The Producer Page: September 2000


    • is a fee-based consultant service for producers. You can send in your tape and receive a critique.


    by Alice Main,

    I thought about writing here about my last day of work, but then I figured, you've all lived through broken script printers, broken commercial playback machines, and calls from dissatisfied viewers such as the Rev. Jesse Jackson.

    Then, I then about telling you what I'll do next. But I'm not EXACTLY sure what my future holds. Yes, I've enrolled in a Web Project Management program at the University of Chicago. I have a couple of clients already and plan to get more. My kids started school last week, and the coming week is crammed full with parent orientation nights and after-school soccer practices. I'm going to be an occasional volunteer in my younger son's kindergarten class. I did, in fact, join the PTA and might even chair a committee. I plan to continue this newsletter/Web site. But beyond that, who knows? See the future, I cannot, as Yoda might say. (Sorry.. "The Phantom Menace" is playing loudly in the next room as I write this.)

    So maybe I should write about what I've learned in my 13 years in the TV producing biz. Here are a few things that come to mind:

    • Whenever possible, treat people as you want to be treated. This includes your coworkers, the viewers and even the newsmakers.
    • Don't overhype your teases. Viewers don't like that. Tease only what you can deliver.
    • Make sure everyone in the story meetings gets a chance to speak up. Every idea may not be doable, but every idea is valuable.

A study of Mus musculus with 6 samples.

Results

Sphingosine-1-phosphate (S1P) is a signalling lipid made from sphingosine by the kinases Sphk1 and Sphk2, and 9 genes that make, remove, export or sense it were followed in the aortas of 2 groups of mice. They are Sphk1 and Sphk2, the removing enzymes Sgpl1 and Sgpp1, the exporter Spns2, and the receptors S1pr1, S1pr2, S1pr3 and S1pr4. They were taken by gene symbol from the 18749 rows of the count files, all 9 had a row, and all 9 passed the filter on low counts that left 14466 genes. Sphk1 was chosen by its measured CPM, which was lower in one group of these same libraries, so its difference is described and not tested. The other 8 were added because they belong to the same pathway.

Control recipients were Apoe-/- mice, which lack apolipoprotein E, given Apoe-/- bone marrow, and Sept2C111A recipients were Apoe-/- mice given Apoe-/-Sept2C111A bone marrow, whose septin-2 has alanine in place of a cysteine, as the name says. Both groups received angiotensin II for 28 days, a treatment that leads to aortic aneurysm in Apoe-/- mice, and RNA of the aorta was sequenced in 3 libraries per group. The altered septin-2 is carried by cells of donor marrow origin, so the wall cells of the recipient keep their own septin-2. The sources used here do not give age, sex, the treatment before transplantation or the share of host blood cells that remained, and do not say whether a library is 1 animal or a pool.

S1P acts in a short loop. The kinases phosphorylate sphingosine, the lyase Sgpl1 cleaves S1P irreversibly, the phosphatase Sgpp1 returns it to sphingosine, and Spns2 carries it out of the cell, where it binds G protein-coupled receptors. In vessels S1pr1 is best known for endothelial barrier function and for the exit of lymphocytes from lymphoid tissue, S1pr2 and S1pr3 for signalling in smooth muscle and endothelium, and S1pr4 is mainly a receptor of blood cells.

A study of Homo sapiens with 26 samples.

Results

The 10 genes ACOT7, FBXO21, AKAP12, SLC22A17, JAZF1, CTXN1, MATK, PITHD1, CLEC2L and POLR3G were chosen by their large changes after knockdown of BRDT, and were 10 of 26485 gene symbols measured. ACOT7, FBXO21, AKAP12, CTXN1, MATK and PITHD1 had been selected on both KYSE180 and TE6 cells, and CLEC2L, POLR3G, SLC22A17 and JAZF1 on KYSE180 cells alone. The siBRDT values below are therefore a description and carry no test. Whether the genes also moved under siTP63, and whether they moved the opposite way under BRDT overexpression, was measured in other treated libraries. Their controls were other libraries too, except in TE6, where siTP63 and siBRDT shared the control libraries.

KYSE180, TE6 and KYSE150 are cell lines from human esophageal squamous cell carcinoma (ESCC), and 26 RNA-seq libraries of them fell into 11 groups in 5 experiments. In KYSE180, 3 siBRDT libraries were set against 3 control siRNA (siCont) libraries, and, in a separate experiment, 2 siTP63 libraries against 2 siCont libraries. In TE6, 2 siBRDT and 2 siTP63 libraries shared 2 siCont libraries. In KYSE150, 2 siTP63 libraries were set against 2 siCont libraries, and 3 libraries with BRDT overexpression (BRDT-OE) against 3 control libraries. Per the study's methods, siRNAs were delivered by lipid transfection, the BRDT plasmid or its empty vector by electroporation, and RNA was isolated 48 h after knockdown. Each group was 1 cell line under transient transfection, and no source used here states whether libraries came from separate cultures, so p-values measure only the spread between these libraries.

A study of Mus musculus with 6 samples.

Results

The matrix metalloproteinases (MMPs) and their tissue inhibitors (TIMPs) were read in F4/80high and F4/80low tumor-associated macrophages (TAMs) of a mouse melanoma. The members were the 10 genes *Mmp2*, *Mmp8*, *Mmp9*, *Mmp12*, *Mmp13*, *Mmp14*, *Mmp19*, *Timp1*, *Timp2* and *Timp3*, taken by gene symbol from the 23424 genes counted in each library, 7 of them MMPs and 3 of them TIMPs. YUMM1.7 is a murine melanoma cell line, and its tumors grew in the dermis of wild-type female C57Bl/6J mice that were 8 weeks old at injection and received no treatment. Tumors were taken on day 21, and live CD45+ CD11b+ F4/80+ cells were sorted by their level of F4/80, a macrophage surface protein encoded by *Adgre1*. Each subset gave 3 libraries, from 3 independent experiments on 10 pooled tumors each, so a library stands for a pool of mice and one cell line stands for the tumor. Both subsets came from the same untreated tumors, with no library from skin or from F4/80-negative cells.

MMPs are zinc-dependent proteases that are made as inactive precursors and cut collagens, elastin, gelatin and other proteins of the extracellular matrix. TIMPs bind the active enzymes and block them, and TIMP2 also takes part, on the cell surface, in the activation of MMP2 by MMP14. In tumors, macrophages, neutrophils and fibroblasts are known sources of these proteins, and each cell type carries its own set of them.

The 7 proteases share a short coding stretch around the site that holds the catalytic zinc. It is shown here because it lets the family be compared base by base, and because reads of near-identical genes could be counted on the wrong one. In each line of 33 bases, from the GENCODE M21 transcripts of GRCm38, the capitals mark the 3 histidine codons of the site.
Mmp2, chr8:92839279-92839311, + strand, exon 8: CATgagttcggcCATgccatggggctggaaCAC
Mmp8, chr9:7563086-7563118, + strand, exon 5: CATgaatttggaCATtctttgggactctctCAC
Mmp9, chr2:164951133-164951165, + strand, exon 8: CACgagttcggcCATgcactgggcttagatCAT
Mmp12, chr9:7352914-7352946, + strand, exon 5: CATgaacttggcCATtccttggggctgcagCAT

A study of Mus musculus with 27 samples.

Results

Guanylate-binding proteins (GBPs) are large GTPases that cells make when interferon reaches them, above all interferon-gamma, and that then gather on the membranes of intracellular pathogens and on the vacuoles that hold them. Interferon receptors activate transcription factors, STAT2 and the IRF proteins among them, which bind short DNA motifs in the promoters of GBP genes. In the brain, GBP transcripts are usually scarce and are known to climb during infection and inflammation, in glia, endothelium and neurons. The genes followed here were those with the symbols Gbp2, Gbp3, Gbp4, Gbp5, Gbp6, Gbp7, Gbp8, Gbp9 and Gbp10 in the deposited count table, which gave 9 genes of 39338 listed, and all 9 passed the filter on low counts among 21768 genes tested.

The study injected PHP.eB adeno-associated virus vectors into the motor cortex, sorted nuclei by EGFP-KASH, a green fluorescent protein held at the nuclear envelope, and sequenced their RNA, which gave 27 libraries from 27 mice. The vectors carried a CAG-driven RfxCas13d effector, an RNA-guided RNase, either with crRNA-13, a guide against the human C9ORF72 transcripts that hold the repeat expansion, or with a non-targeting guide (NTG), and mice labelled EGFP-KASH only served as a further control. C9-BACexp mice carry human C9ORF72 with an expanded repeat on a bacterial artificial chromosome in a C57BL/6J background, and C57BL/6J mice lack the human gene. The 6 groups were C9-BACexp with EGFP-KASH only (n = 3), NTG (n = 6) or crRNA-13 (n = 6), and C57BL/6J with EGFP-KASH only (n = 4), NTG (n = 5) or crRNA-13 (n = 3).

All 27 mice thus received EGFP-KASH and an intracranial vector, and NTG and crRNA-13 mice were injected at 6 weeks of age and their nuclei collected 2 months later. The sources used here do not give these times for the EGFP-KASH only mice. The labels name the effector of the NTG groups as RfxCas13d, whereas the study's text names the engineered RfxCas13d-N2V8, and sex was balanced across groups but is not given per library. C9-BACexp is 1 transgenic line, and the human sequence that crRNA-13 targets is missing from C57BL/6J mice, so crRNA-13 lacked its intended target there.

• Don't waste a lot of time and energy bemoaning (or cursing) the crises that inevitably occur. (The lead story that suddenly cannot air because the lawyers say it's not ready. The live truck that dies. The breaking news you have to add at the last second, which is going to decimate your second block.) Use that time and energy to find a way out of your jam.
    • If you don't have an EP or someone else reading your stories, get an anchor to do it, BEFORE the show. We all need a second pair of eyes on our copy.
    • Choose battles you think you can win. Hand the other battles to your boss.
    • Be a stickler for details.
    • Is there a way to check graphics before the show? Do it. Can you review all your chyrons in some sort of list before the show? Do it.
    • Assume nothing. If you need a certain piece of video shot for a tease or a cold open, don't assume the reporter & photographer are going to get it. Be sure you ask.
    • TV news is not rocket science.
    • Have a little fun.

    ANOTHER NEW E-MAIL ADDRESS is too slow for me. Even though I have a DSL connection, I have to wait several seconds between every action. So I need to ask you to bear with me and switch one more time, to So please use for job openings, letters to the editor, articles, etc.